Molested by the media



When the remedy is more destructive than the disease

The U.S. government once again proved that it does foolish and destructive things by trying to impose a tax that actually loses money. The Internal Revenue Service (IRS) demanded information from a San Francisco bitcoin exchange about who was buying and selling bitcoins. The IRS claims that bitcoins and other digital/cryptocurrencies are property and thus subject to a capital gains tax on any price increases and other reporting requirements when bitcoin is used in transactions. It seems that the IRS discovered that in 2015 only 802 people declared bitcoin-related losses or gains, despite tens of millions of transactions (I am willing to bet that most of these folks reported losses, which are deducible).

In this Dec. 5, 2017, file photo, former Alabama Chief Justice and U.S. Senate candidate Roy Moore speaks at a campaign rally in Fairhope Ala. (AP Photo/Brynn Anderson, File)

No king but Caesar

In September 1862, a group of Chicago ministers sent a "memorial" (or long letter) to President Abraham Lincoln in which they made a theological argument for the elimination of slavery.

Breaking codes and ciphers during World War II

Foremost among those who solved the mysteries of foreign code was a remarkable American couple, Elizebeth and William Friedman. Elizebeth's story is told in highly readable prose by Jason Fagone, who makes the complicated subject of codes comprehensible (more or less) to an ignorant layman.

Indianapolis Colts quarterback Jacoby Brissett looks to throw during the second half of an NFL football game against the Buffalo Bills, Sunday, Dec. 10, 2017, in Orchard Park, N.Y. (AP Photo/Jeffrey T. Barnes)

The NFL's Hail Mary

Faced with plummeting attendance and TV ratings over its boneheaded unwillingness to require its millionaire players to at least stand during the national anthem, the National Football League brain trust has come up with another beauty: Let's throw millions of dollars at left wing political causes.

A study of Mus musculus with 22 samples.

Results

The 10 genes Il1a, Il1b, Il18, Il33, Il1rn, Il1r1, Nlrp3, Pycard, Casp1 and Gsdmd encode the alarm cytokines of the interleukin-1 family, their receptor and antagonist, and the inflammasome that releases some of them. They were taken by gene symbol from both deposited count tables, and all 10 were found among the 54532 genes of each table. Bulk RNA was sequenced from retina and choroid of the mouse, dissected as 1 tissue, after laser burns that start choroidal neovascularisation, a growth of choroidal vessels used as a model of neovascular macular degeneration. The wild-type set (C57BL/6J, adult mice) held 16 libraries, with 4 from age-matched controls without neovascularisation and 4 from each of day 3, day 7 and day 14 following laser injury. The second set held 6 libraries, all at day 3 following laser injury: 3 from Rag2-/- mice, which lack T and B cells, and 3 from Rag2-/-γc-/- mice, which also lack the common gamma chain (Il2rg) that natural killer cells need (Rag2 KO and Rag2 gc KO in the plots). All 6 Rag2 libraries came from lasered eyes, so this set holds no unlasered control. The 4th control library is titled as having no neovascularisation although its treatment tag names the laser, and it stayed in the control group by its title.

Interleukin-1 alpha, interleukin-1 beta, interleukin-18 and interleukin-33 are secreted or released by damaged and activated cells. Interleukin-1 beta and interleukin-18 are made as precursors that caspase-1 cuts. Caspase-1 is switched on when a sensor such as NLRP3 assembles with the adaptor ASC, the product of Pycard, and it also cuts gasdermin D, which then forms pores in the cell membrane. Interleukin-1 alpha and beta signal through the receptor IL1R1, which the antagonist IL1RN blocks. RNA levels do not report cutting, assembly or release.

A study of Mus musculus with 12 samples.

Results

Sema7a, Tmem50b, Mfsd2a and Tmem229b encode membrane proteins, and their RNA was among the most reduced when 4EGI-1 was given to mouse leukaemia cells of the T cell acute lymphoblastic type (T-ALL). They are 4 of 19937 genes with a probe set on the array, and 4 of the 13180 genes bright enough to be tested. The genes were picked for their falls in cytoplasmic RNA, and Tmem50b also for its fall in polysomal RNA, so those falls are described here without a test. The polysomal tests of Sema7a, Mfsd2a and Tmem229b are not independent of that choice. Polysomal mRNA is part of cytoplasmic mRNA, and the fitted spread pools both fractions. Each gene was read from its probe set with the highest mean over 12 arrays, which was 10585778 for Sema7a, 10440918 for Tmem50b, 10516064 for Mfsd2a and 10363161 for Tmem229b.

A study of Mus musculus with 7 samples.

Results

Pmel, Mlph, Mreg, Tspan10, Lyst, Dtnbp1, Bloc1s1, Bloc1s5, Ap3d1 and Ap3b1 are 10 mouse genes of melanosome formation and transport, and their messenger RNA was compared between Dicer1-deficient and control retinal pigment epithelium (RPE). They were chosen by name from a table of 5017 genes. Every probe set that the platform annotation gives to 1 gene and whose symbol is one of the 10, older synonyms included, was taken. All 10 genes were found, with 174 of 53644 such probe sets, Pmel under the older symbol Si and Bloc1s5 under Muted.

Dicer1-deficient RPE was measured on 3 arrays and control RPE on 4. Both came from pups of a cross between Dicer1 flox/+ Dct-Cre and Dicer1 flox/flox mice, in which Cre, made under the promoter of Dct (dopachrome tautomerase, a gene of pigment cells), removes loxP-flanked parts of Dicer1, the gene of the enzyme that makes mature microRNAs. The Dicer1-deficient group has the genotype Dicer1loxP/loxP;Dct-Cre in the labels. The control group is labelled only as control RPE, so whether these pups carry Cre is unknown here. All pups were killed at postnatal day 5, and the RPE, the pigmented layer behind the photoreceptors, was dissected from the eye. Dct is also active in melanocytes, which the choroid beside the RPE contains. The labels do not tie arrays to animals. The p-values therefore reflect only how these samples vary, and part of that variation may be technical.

Illustration on the risks of the Middle-East peace process by Linas Garsys/The Washington Times

Good Luck, Jared Kushner

Jared Kushner, President Trump's son-in-law, and Jason Greenblatt, formerly one of the president's real estate lawyers, are pursuing what the president calls the "ultimate deal," a peace agreement between Israel and the Palestinians. We should wish them luck because they're going to need it.

Illustration on Trump's abiding political philosophy by Linas Garsys/The Washington Times

Liberty, equity and fraternity

There's a move to define Donald Trump as a populist, so as to link him to some of the nastier people in American politics, like Pitchfork Ben Tillman, Father Coughlin and David Duke.

Illustration on improvements to the GOP tax plan by Alexander Hunter/The Washington Times

Five ways to improve the tax bill

The Senate-passed tax bill is a policy triumph that will provide a shot of performance enhancing drugs into the veins of the economy. It's not perfect, but the combined effect of cutting business tax rates, eliminating the state and local tax deduction, and repealing the ObamaCare individual mandate tax, means we are at the precipice of the biggest conservative policy victory since the Reagan years.

Stained Glass Badge Illustration by Greg Groesch/The Washington Times

The courage to judge

The Washington Surgi-Clinic in Washington, D.C. is now on record saying that, for a modest fee, it will perform a late-term abortion on a healthy, viable baby boy or girl.

With the deadline looming to pass a spending bill to fund the government by week's end, Senate Majority Leader Mitch McConnell, R-Ky., meets reporters following a closed-door strategy session, on Capitol Hill in Washington, Tuesday, Dec. 5, 2017. (AP Photo/J. Scott Applewhite)

Tougher challenges than cutting taxes

Passing tax reform in record time will prove a significant accomplishment, but it pales by comparison to the challenges Republicans must tackle next.